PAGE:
Mount Airy's "Golden Girl," Jane Rogers, may have brought home a silver medal from the 1993 National Senior Olympics in June, but the softball enthusiast is not ready to rest on her laurels.
Mrs. Rogers played first base for this year's Virginia Senior Olympic women's softball team -- the Golden Girls. The team earned a silver medal for each of its 18 members during the National Senior Sports Classic IV in Baton Rouge on June 17, she said.
Although a weekend event on June 26 and 27 officially ended the Olympic team, Mrs. Rogers is now a member of the Golden Girls II, a Virginia women's softball tournament team.
The team will play softball throughout autumn, switching to indoor ragball when the weather turns cold.
"I'm a lefty; the only lefty on the team," she said.
In addition to participating in year-round activities in Virginia, Mrs. Rogers spends her weekends and evenings playing on softball teams in Montgomery and Frederick counties.
Mrs. Rogers works Monday through Friday as secretary at Calvary United Methodist Church in Mount Airy. Her husband, Roy, enjoys cheering for his wife at many of her games and accompanied her to Louisiana to root for the Golden Girls at the Senior Olympics.
Softball will also dominate the couple's vacation time this year with short jaunts planned so she can participate in tourneys in Detroit, Canada and Pennsylvania.
"It's fun," said Mrs. Rogers. "It gives you something to look forward to and it's good for you."
Mrs. Rogers, who graduated from Blair High School in 1955, did not play team sports until age 34 after she had moved to Mount Airy. She said she started playing softball and volleyball on women's recreation teams.
"I'd always liked it and had never done it," she explained.
Sunday evening women's softball games were once popular weekly events in the Mount Airy area, according to Mrs. Rogers. She has played on teams in Frederick and Carroll County leagues and is a former member of Stan's Road Runners, a Mount Airy team that was coached by the late Stan Lare and later by Jack Devault.
"I kept on going when a lot of other people did not," she said.
Women's softball has been a family sport for Mrs. Rogers and her daughter, Katie Swope. Mother and daughter played on the same Frederick County team for eight summers, with Mrs. Rogers as the catcher and Mrs. Swope playing left field.
"We've been to state and regional tournaments together," said Mrs. Rogers.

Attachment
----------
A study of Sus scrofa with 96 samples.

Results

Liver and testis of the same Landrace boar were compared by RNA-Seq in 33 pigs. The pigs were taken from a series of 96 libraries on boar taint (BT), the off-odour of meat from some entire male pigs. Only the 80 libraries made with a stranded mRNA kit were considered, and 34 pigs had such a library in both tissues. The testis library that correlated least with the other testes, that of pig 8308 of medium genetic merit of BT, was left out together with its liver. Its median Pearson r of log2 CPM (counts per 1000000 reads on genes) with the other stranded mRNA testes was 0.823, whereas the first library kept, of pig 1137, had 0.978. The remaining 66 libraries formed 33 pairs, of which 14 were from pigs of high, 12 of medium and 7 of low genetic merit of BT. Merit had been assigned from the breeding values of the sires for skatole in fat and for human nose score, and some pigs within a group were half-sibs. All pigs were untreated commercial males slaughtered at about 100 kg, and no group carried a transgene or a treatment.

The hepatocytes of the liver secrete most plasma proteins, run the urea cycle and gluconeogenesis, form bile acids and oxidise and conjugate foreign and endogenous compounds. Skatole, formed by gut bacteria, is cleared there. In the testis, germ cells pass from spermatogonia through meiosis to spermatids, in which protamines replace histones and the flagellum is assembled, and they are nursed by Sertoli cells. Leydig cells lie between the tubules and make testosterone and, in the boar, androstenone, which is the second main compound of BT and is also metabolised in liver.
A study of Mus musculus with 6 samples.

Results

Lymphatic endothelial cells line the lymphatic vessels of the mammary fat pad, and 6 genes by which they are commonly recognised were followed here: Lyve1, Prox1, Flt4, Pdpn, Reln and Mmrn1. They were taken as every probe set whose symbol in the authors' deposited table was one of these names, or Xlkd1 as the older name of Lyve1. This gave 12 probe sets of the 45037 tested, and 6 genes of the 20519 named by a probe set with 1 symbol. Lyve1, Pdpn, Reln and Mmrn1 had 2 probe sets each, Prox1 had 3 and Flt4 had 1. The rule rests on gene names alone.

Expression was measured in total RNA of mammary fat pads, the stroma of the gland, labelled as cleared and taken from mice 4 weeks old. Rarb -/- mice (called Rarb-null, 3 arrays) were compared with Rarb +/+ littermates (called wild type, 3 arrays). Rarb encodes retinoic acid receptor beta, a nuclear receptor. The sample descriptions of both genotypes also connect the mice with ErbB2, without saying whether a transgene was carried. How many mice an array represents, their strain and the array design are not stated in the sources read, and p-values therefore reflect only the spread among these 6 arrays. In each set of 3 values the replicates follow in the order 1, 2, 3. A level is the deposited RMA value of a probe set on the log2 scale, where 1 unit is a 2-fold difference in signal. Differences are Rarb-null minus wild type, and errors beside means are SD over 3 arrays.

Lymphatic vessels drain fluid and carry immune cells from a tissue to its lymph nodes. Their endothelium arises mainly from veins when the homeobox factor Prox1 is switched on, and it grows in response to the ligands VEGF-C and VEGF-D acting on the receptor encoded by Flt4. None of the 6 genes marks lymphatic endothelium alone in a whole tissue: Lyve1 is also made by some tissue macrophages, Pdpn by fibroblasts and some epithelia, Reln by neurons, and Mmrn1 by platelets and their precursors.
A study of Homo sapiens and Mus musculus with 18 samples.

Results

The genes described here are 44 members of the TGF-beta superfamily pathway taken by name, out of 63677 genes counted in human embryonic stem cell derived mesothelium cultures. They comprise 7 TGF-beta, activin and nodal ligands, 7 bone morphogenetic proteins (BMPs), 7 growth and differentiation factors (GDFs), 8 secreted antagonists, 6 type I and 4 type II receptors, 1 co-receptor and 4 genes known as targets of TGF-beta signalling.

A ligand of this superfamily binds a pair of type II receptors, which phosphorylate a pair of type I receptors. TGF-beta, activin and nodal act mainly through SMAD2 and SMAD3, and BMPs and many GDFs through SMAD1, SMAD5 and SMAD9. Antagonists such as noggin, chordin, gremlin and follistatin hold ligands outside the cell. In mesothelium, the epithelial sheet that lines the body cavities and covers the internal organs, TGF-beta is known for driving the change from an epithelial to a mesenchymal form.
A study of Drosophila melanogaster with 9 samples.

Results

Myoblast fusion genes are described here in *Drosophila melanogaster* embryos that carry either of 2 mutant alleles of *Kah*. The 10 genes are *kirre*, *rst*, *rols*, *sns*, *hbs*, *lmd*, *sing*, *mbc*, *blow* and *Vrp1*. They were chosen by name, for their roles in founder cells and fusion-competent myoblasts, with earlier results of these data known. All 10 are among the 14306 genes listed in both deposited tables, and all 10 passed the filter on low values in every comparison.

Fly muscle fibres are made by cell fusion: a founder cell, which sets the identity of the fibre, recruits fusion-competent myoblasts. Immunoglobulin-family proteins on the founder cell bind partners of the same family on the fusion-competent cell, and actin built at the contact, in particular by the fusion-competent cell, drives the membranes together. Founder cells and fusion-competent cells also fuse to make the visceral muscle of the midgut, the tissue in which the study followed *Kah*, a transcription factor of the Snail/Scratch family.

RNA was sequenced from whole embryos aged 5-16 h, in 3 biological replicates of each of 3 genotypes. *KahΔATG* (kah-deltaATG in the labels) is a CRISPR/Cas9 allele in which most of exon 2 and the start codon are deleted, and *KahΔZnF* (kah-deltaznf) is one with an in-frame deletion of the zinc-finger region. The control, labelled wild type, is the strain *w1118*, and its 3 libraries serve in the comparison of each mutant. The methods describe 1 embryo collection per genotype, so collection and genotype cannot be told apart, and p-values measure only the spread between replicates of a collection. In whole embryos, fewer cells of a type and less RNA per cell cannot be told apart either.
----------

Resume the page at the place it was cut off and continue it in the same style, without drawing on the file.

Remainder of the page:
Although Mrs. Rogers played volleyball in the Maryland Senior Olympics in October 1992, this year's Olympics in Baton Rouge was her first experience in the national event.
Helen Boyd, a friend from high school with whom Mrs. Rogers had later played softball, was responsible for her becoming a member of the Virginia Olympic team.
"She called in November and asked if I wanted to go over to Virginia and try out for a team called the Golden Girls," said Mrs. Rogers.
After the second tryout, the two were asked if they were interested in playing on the Olympic team.
"They could take three out-of-staters," said Mrs. Rogers. "This team, two years ago, took the gold in Syracuse."
Mrs. Boyd, a Damascus resident, and Mrs. Rogers began commuting to Vienna for once-a-week indoor practices in January that later moved outside. In April, the practices increased to two a week.
Mrs. Rogers said the rules for senior women's softball are somewhat different from those with which she was familiar. The differences help to "cut down on injuries," she said. No sliding is allowed, and players can overrun every base and cross the scoring line.
"When you come to home plate, you don't touch it or you're out."
The Golden Girls team, its members from 55 to 69 years of age, was one of 10 teams from North America in the "over-55" category playing in the 1993 National Senior Olympics. In that category, the youngest player cannot be younger than 55, Mrs. Rogers explained. One "over-60" women's softball team played exhibition games and received a gold medal because it was the only team in that category.
All softball games were played in Baton Rouge's Independence Park. The Golden Girls played a total of six games in the Louisiana heat and "only lost the last one" against the Michigan team, Mrs. Rogers said.
Mrs. Rogers estimated that 7,500 men and women, representing an increase of 2,500 people from 1991, participated in the National Senior Olympics, which were held June 12 to 18. Events included basketball, badminton, tennis, swimming, cycling, /^ volleyball and shuffleboard, as well as track and field sports.
"There were people in their 90s participating," she said. "It was amazing to see."
Softball will continue to hold an important role in Mrs. Rogers' life.
"I'm not fast, but in this league it doesn't matter," she said. "I like to be a part of a team and I've made lots of friends."